Red Movable Alphabet
Are your children writing words with the traditional (pink/blue) alphabet but starting to perfect their spellings? Then it's time for the red and black alphabets! Using these alphabets side-by-side allows children to analyze the rich depth of English etymology (the origins of words) as they begin to refine their spelling abilities. With the red and black alphabets together, they can:
- Isolate the phonograms (write these in red and the rest of the word in black) in words for phonogram study
- Isolate prefixes and suffixes (write these in red and the rest of the word in black) in lists of words for word study
- Compare lists of singular (write these in black) and plural (write these in red) words
- Compare lists of homophones (write one in black and one in red)
- Compare lists of synonyms and antonyms (write the original word list in black and the comparative list of synonyms or antonyms in red)
- Compare lists of root words (write these in black) and their contractions (write these in red)
Once children are ready to move beyond the traditional pink/blue alphabet, the red and black alphabets are the perfect next step to support their writing work as they begin to refine their ability to spell.
- Comes in two fonts so you can match your sandpaper letters (print or cursive)
- Rounded corners to acknowledge the tactile sensitivities of those small hands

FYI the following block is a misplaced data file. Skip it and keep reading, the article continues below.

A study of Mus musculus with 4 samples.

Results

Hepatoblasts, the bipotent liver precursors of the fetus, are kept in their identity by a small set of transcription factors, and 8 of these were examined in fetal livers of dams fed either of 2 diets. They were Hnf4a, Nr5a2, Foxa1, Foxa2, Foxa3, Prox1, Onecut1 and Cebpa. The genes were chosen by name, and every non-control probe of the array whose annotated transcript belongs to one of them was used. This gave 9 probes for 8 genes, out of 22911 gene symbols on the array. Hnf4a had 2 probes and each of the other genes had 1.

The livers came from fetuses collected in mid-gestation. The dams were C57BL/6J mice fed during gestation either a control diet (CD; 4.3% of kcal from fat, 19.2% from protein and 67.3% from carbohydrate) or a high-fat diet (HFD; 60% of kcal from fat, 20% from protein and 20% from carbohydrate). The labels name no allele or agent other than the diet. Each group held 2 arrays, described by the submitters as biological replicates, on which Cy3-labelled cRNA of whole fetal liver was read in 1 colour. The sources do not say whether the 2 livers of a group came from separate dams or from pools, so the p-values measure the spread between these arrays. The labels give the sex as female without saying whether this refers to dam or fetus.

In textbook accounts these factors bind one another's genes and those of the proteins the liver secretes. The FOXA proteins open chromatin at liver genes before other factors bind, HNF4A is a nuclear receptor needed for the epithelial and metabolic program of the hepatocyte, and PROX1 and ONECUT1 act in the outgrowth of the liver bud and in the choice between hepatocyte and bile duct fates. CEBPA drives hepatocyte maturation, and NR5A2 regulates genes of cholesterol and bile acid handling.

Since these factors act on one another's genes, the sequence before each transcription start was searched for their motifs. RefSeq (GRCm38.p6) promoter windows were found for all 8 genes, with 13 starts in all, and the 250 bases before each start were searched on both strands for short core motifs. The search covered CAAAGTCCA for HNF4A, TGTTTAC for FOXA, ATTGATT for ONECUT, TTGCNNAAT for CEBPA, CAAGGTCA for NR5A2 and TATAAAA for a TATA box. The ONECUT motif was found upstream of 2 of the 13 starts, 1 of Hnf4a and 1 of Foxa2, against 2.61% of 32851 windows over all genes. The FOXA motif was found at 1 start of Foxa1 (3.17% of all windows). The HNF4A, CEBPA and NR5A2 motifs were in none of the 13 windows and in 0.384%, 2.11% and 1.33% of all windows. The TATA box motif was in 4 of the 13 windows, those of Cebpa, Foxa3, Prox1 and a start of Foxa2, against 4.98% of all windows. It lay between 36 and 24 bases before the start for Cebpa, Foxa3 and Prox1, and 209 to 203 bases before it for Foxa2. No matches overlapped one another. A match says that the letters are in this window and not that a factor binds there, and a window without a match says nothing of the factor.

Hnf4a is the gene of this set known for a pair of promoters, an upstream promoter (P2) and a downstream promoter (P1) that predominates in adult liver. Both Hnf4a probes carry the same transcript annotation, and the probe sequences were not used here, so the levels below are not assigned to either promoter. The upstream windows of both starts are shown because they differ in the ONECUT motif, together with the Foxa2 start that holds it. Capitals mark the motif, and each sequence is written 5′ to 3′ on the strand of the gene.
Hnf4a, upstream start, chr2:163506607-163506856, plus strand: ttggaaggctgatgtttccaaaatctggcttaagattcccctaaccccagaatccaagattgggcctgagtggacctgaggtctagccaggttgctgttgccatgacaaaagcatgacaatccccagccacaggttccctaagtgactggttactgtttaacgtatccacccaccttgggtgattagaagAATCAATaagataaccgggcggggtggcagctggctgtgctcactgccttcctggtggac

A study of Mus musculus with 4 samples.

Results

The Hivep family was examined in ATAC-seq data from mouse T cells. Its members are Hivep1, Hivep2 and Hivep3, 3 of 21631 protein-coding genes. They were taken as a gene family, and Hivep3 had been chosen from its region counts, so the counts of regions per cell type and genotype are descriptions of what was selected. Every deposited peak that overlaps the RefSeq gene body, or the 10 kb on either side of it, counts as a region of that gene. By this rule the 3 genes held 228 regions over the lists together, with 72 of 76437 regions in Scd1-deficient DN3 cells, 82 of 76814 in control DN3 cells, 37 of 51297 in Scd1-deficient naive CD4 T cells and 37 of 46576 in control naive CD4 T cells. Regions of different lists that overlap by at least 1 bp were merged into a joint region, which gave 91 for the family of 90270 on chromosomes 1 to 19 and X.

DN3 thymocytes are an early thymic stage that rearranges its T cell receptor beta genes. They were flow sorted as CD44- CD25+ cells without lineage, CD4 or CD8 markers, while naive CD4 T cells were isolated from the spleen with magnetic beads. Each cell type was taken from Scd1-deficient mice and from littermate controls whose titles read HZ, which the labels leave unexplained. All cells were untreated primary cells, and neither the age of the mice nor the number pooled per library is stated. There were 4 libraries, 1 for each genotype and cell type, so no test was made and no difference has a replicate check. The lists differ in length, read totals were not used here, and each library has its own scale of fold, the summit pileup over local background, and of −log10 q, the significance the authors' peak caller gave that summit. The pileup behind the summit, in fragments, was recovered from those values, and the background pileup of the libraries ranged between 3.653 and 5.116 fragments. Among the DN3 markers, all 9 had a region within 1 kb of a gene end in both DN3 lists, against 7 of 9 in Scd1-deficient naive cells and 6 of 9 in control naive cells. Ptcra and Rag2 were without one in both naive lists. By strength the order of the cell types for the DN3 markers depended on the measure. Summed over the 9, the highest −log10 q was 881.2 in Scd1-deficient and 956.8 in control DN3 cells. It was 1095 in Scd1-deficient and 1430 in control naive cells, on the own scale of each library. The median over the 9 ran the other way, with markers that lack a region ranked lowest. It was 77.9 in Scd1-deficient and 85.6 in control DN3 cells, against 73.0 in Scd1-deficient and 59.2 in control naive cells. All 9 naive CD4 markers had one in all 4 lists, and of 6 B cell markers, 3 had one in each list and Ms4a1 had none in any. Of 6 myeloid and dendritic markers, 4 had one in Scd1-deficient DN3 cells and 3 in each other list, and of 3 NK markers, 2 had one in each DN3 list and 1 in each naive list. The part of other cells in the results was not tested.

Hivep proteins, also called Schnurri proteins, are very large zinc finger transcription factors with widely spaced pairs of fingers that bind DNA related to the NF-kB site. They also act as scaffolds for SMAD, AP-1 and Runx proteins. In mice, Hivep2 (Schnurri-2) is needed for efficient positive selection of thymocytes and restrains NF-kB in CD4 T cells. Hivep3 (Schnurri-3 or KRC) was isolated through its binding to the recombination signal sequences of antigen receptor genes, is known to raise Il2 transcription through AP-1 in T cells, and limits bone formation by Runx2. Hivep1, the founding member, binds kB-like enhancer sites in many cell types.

- Fully laminated
- Includes 10 of each consonant, 20 of each vowel and high frequency letter (r, s, t, n), and 10 apostrophe's (for contraction work)
- Comes with a fantastic lesson plan that will bring alphabet work to life
- Cards are approx. 1.25" wide x 2" high.
- Fits into egg-cartons or a craft box (see note below)
Item #: MARD
Egg Cartons: These alphabets can be stored and displayed in egg cartons. We recommend placing two plastic cartons (one 18-egg carton and one 12-egg carton) side-by-side and hot gluing the bottoms to a piece of foam board or chipboard. Use the lids to help keep the dust off when the alphabets are not in use.
Craft Box: We like the 40-compartment box available from the Container Store because it has a transparent lid that helps keep the dust out without hiding the letters. Another alternative is a velvet 30 compartment jewelry box (like this one we found on Amazon). We tested it in a public school Montessori classroom it held up well...the children loved to touch its soft sides.
Helpful hint: Whenever you start work with any movable alphabet, remember that the first lesson is how to carry the box, take letters out, and put them back in. Don't be afraid to practice doing this many times before you write a single word.